Support 100 years of independent journalism.

  1. Politics
  2. Brexit
11 September 2020

Boris Johnson’s short speech to Tory MPs shows he still doesn’t understand his problem

The Prime Minister’s response to MPs who think he has little time for them has deepened, not eased, their concerns.    

By Stephen Bush

Boris Johnson has addressed Conservative MPs in a bid to reassure them that the Internal Market Bill is above board and proper, and also, partially, to claw back some of the damage that Downing Street’s poor parliamentary management has done to his government’s standing among backbenchers.

How did he do? Well, on the former, it depends how much Tory MPs want a pretext not to rebel. Johnson’s claim that the Internal Market Bill is a necessary step to prevent a foreign state from dividing the United Kingdom into two regulatory blocs is simply untrue. Since Ireland achieved independence from the United Kingdom in 1922, both countries have pursued a degree of regulatory alignment in order to facilitate an open and relatively frictionless border between the two countries. This has been a strategic priority of both states for almost a century.

Of course, for much of that time, other political forces have made the Irish border a heavily militarised one that has been neither open nor frictionless. While the regulatory and customs alignment brought about by the creation of a European-wide regulatory and customs area in 1993 helped further facilitate an open and frictionless border, it was only through diplomacy and the Good Friday Agreement that the benefits of the 1993 treaty could be achieved.

So the United Kingdom has three choices as it leaves the European Union: a soft Brexit that maintains a soft and frictionless border on the island of Ireland without erecting a new border in the Irish Sea, a hard Brexit that maintains a soft border on the island of Ireland by creating a regulatory and customs border in the Irish Sea, or a no-deal exit that creates a hard border on the island of Ireland, which means no trade agreement with the European Union or the United States.

That is not the result of either the European Union or Remain campaigners making trouble, despite what both Boris Johnson and Dominic Cummings believe. It’s a simple consequence of the fact that the only way to remove barriers between states is regulatory alignment. This is why Ireland and the United Kingdom had – and have long had – a greater degree of regulatory alignment with one another than required by their shared membership of the European project.

Select and enter your email address Quick and essential guide to domestic and global politics from the New Statesman's politics team. A weekly newsletter helping you fit together the pieces of the global economic slowdown. The New Statesman’s global affairs newsletter, every Monday and Friday. The New Statesman’s weekly environment email on the politics, business and culture of the climate and nature crises - in your inbox every Thursday. Our weekly culture newsletter – from books and art to pop culture and memes – sent every Friday. A weekly round-up of some of the best articles featured in the most recent issue of the New Statesman, sent each Saturday. A newsletter showcasing the finest writing from the ideas section and the NS archive, covering political ideas, philosophy, criticism and intellectual history - sent every Wednesday. Sign up to receive information regarding NS events, subscription offers & product updates.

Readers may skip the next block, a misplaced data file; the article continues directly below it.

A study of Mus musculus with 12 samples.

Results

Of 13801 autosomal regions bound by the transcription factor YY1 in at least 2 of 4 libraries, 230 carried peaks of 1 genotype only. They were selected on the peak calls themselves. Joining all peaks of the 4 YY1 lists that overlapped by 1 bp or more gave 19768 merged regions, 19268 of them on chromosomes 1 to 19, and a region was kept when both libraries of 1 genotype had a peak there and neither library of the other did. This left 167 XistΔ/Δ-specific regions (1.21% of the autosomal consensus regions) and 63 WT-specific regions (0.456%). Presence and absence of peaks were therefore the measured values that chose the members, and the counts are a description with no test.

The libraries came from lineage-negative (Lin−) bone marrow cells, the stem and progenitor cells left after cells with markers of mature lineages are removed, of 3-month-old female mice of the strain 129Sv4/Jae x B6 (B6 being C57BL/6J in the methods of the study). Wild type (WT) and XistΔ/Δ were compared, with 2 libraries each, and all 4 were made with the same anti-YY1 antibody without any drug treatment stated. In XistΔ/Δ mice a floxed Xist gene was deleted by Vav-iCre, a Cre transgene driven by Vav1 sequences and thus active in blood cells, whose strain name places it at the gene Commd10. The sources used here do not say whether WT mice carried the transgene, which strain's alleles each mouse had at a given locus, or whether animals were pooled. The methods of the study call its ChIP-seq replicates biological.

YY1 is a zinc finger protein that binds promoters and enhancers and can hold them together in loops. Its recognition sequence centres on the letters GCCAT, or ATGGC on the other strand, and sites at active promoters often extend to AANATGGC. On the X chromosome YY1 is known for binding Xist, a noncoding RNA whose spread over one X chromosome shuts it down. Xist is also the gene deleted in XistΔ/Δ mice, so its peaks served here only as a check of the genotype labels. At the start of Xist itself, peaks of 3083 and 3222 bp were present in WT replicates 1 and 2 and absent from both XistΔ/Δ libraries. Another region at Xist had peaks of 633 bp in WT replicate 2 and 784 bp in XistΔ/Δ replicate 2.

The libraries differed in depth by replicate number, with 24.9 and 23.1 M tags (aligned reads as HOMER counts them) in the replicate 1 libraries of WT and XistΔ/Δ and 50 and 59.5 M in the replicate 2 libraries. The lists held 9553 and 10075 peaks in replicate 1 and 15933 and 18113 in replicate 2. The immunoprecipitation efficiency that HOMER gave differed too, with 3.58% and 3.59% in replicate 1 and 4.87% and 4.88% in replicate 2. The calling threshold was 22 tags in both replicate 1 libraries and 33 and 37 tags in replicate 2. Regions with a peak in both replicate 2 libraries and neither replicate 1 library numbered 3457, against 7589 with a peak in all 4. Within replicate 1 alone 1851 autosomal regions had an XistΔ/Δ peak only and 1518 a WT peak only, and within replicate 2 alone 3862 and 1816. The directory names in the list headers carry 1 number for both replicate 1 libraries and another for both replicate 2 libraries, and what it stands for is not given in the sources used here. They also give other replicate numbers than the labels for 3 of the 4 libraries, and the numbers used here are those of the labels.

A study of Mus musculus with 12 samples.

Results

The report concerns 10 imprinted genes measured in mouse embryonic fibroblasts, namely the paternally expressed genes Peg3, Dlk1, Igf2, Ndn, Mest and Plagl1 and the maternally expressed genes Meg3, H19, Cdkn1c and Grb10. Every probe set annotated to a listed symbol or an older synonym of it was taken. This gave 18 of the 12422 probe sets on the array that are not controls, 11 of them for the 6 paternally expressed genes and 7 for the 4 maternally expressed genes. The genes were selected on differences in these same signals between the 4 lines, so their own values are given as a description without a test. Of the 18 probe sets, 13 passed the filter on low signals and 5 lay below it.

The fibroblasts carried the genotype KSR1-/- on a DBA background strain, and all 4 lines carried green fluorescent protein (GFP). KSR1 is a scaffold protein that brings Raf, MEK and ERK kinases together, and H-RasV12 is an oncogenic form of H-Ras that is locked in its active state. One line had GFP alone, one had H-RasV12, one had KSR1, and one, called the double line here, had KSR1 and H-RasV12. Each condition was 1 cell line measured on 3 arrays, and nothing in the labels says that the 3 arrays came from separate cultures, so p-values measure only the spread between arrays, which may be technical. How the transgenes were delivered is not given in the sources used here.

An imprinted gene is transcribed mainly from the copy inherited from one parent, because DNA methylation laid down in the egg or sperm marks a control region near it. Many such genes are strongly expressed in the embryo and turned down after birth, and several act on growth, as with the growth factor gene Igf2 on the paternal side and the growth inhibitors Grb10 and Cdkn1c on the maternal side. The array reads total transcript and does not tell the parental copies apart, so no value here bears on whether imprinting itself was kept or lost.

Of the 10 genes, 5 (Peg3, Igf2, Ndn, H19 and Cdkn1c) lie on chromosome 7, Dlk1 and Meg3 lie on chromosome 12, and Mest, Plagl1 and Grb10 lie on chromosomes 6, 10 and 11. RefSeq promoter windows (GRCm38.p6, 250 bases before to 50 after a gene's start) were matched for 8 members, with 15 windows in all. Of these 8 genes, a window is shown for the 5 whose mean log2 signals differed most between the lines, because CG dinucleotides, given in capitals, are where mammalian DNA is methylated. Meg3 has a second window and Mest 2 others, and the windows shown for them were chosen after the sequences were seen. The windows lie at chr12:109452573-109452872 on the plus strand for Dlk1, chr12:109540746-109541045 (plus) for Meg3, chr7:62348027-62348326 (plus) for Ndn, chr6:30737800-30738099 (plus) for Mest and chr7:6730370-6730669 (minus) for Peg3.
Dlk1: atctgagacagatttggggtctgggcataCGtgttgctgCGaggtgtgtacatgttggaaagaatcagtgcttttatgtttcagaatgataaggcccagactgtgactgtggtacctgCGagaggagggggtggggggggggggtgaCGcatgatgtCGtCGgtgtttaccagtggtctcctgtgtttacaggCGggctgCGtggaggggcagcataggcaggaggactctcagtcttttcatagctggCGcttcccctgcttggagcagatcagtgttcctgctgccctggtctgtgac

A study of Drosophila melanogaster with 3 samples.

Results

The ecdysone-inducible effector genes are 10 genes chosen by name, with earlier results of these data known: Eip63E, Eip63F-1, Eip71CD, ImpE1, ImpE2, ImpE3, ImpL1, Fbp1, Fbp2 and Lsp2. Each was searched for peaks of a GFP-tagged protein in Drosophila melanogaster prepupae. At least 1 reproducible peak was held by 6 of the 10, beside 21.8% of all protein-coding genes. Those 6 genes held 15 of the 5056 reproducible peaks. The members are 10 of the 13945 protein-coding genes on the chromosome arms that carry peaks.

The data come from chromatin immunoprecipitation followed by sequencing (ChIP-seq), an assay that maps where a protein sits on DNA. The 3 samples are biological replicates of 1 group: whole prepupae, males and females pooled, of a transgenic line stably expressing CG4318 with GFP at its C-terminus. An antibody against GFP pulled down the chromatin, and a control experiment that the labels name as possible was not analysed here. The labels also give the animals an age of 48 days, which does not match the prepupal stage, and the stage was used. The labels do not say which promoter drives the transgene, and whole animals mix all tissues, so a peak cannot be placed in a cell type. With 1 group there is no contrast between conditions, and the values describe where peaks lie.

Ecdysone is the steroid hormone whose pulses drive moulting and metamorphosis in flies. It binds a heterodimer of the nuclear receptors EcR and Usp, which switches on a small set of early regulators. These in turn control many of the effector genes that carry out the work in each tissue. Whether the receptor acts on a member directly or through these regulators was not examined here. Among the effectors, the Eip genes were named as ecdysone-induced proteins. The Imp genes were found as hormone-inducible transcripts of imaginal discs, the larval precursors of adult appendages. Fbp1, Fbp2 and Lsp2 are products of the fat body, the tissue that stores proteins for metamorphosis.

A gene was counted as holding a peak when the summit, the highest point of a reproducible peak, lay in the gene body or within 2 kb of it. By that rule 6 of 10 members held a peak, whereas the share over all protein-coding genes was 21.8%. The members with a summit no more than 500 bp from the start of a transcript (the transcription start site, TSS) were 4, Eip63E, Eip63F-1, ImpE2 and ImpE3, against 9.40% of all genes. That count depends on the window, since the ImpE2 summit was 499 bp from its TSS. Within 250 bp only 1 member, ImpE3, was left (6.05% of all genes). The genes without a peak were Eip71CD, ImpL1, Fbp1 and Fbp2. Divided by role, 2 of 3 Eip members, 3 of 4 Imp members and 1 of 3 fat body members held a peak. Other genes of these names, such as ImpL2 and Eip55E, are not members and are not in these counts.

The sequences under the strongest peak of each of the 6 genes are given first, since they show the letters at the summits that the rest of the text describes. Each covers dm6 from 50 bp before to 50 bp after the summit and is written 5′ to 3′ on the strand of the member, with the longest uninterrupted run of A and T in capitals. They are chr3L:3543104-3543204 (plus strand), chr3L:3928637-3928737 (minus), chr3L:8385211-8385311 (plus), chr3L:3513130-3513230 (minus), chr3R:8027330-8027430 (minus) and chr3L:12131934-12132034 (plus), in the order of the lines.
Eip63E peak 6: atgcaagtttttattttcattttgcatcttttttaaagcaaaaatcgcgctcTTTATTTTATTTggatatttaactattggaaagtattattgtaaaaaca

• Administration / Office
  • Arts and Culture
  • Board Member
  • Business / Corporate Services
  • Client / Customer Services
  • Communications
  • Construction, Works, Engineering
  • Education, Curriculum and Teaching
  • Environment, Conservation and NRM
  • Facility / Grounds Management and Maintenance
  • Finance Management
  • Health - Medical and Nursing Management
  • HR, Training and Organisational Development
  • Information and Communications Technology
  • Information Services, Statistics, Records, Archives
  • Infrastructure Management - Transport, Utilities
  • Legal Officers and Practitioners
  • Librarians and Library Management
  • Management
  • Marketing
  • OH&S, Risk Management
  • Operations Management
  • Planning, Policy, Strategy
  • Printing, Design, Publishing, Web
  • Projects, Programs and Advisors
  • Property, Assets and Fleet Management
  • Public Relations and Media
  • Purchasing and Procurement
  • Quality Management
  • Science and Technical Research and Development
  • Security and Law Enforcement
  • Service Delivery
  • Sport and Recreation
  • Travel, Accommodation, Tourism
  • Wellbeing, Community / Social Services
Visit our privacy Policy for more information about our services, how New Statesman Media Group may use, process and share your personal data, including information on your rights in respect of your personal data and how you can unsubscribe from future marketing communications.
THANK YOU

So what Johnson is saying about the necessity – or indeed the efficacy – of the Internal Market Bill is not true, but for a Conservative MP who wants a line to take about why they are voting with the government, he has provided one.

Content from our partners
What are the green skills of the future?
A global hub for content producers, gaming and entertainment companies in Abu Dhabi
Insurance: finding sustainable growth in stormy markets

But Johnson has done nothing about his other problem: the perception among Conservative MPs that he and his Downing Street care very little about them, will never promote the vast majority of them and that they should therefore rebel freely.

Speaking to MPs on a Friday night and not allowing questions from them only underlines that perception. And the belief that Downing Street not only doesn’t do parliamentary management, but regards its own backbenchers as beneath its time, will continue to place limitations on the government’s legislative agenda well beyond Brexit.